Islamists exploit sectarian shrine rift in Pakistan

Attacks aid strategy of unrest

A Pakistani police officer watches over a Sufi shrine that was attacked by suicide bombers July 1. The attack may have strengthened the anti-Taliban and anti-al Qaeda sentiment in Pakistan, but is also prompting new fears of sectarian clashes. (Associated Press)A Pakistani police officer watches over a Sufi shrine that was attacked by suicide bombers July 1. The attack may have strengthened the anti-Taliban and anti-al Qaeda sentiment in Pakistan, but is also prompting new fears of sectarian clashes. (Associated Press)

Multiple suicide bomb attacks on Pakistan’s most sacred Muslim shrine in Lahore, the country’s cultural capital, have exposed this rift between the nation’s two largest Islamic sects.

Members of the Barelvi sect, which esteems shrines, have condemned adherents of Wahhabi, which regards historic sites as idols that should be destroyed and whose followers include elements of the Taliban, al Qaeda and other radical Islamist groups.

Government officials and analysts say exploiting the differences between the sects is part of a strategy by al Qaeda and its local affiliates to foment unrest and find new sanctuaries in cities, as well as recruit militants.

The July 1 attack on the centuries-old Data Darbar complex, which houses the tomb of Muslim sage Hazrat Ali Hajveri, left 45 people dead and triggered large-scale protests against the provincial government of Punjab for harboring and abetting terrorists.

The attack on the mosque appears to have strengthened anti-Taliban and anti-al Qaeda sentiment in Pakistan, but it also is prompting new fears of large-scale sectarian clashes in Pakistan’s provinces.

Officials in the Pakistani Interior Ministry said the attacks appeared to be tied to an al Qaeda strategy of triggering sectarian clashes. Sectarian strife would destabilize society to the benefit of the terrorists, who would seek to set up bases and sanctuaries in cities.

The officials, who spoke on the condition of anonymity, suggested that repeated attacks from U.S.-operated Predator drones in the country’s remote tribal areas have put al Qaeda and its offshoots under severe pressure to move from the countryside into the cities.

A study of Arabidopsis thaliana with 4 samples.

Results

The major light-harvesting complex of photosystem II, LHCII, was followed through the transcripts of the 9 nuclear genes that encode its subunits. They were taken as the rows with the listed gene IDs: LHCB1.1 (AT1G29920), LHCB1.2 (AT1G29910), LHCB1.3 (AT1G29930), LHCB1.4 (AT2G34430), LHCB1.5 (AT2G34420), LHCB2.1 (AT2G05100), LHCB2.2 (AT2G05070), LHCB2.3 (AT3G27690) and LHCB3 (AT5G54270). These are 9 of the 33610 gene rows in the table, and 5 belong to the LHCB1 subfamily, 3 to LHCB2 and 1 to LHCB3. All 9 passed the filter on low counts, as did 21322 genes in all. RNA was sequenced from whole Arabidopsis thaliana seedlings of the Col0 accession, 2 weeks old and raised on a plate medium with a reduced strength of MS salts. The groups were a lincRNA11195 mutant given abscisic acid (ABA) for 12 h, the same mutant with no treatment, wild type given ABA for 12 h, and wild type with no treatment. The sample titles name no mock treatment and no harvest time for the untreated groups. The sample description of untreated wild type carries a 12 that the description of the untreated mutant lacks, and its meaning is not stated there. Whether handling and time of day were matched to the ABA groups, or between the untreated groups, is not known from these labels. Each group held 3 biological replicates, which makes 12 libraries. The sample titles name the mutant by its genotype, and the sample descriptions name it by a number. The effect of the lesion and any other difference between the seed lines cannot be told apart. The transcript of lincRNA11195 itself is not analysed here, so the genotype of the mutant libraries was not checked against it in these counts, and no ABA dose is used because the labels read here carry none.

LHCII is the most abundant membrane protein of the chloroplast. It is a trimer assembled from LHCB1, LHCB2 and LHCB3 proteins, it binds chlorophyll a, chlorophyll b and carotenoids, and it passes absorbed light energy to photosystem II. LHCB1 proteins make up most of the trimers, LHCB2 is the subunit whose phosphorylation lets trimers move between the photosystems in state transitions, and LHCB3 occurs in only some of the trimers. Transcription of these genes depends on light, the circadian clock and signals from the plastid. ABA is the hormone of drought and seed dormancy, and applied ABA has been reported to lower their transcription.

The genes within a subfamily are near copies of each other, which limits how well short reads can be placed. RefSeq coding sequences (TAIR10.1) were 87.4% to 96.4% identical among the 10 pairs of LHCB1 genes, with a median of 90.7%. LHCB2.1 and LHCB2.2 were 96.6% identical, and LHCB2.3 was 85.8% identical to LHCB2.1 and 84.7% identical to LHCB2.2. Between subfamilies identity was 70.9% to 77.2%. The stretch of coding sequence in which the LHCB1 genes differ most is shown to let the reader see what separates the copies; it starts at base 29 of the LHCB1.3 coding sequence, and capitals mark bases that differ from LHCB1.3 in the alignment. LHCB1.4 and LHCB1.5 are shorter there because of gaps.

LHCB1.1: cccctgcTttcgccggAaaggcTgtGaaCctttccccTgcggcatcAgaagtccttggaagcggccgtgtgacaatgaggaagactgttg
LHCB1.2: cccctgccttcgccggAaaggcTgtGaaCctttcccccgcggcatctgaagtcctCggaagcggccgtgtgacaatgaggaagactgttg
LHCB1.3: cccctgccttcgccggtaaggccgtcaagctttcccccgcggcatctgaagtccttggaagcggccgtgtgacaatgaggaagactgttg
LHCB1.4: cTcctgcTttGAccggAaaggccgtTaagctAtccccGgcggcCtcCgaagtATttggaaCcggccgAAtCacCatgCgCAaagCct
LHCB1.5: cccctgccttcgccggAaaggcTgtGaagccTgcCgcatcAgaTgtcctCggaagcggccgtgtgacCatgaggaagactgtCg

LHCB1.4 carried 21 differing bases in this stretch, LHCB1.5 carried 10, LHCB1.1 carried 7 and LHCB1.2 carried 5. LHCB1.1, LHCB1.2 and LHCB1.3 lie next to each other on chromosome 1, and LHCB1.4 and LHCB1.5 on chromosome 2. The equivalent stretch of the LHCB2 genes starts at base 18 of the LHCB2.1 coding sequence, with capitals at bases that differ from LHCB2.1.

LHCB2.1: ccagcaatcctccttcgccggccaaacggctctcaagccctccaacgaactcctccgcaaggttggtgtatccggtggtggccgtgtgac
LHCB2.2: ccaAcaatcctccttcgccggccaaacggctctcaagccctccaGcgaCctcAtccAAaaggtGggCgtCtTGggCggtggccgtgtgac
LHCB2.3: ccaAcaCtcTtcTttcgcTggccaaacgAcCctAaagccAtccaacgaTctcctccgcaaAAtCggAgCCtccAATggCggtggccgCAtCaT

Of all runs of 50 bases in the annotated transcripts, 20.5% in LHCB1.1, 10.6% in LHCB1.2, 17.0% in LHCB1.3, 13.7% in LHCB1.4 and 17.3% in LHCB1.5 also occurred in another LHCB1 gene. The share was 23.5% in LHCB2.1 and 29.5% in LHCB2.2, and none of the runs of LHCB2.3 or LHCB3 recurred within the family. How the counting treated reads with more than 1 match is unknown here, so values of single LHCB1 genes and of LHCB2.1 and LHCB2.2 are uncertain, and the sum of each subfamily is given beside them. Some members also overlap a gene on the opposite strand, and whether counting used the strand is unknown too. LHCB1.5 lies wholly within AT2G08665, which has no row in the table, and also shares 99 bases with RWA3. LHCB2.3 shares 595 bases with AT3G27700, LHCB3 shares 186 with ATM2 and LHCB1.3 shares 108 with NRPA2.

“Obviously, the purpose of the [mosque] bombing was to create chaos, uncertainty, to challenge the state authority and weaken people’s confidence in the state,” Hasan Askari Rizvi, a Lahore-based political analyst, told The Washington Times.

“Yes, al Qaeda has a strategy to destabilize Pakistan, but these groups also have their own agenda. These sectarian groups have been fighting with each other before even some of them came close to al Qaeda,” he said.

“Seemingly, here the agendas of al Qaeda and Pakistani militant groups coincide, and the incident may be the outcome of this. It is unfortunate that the Barelvis are looking at the incident only in sectarian terms.”

Mr. Rizvi said the attack on Data Darbar is expected to worsen sectarian polarization of Pakistani society. Yet there is also a greater realization in the country that these groups must be challenged, he said.

The divide between Barelvi and Wahabi is more than canonical. The Barelvi sect originated in the Indian subcontinent to defend traditional Islamic practices against reform efforts. Wahabi, which has its origins in Saudi Arabia, aims to reform Islam by codifying and enforcing a strict, conservative interpretation of the Koran.

In response to the attack, leaders of Barelvi sect, including 20 political and religious groups called the Sunni Unity Council, launched a nationwide movement this month against what they call the “Talibanization” of the country. They also vowed to take up arms for the battle.

Barelvi leaders blamed Punjab Taliban groups and their al Qaeda allies for the attack on the Lahore shrine, adding that the attack is part of the terrorists’ strategy to control Pakistan.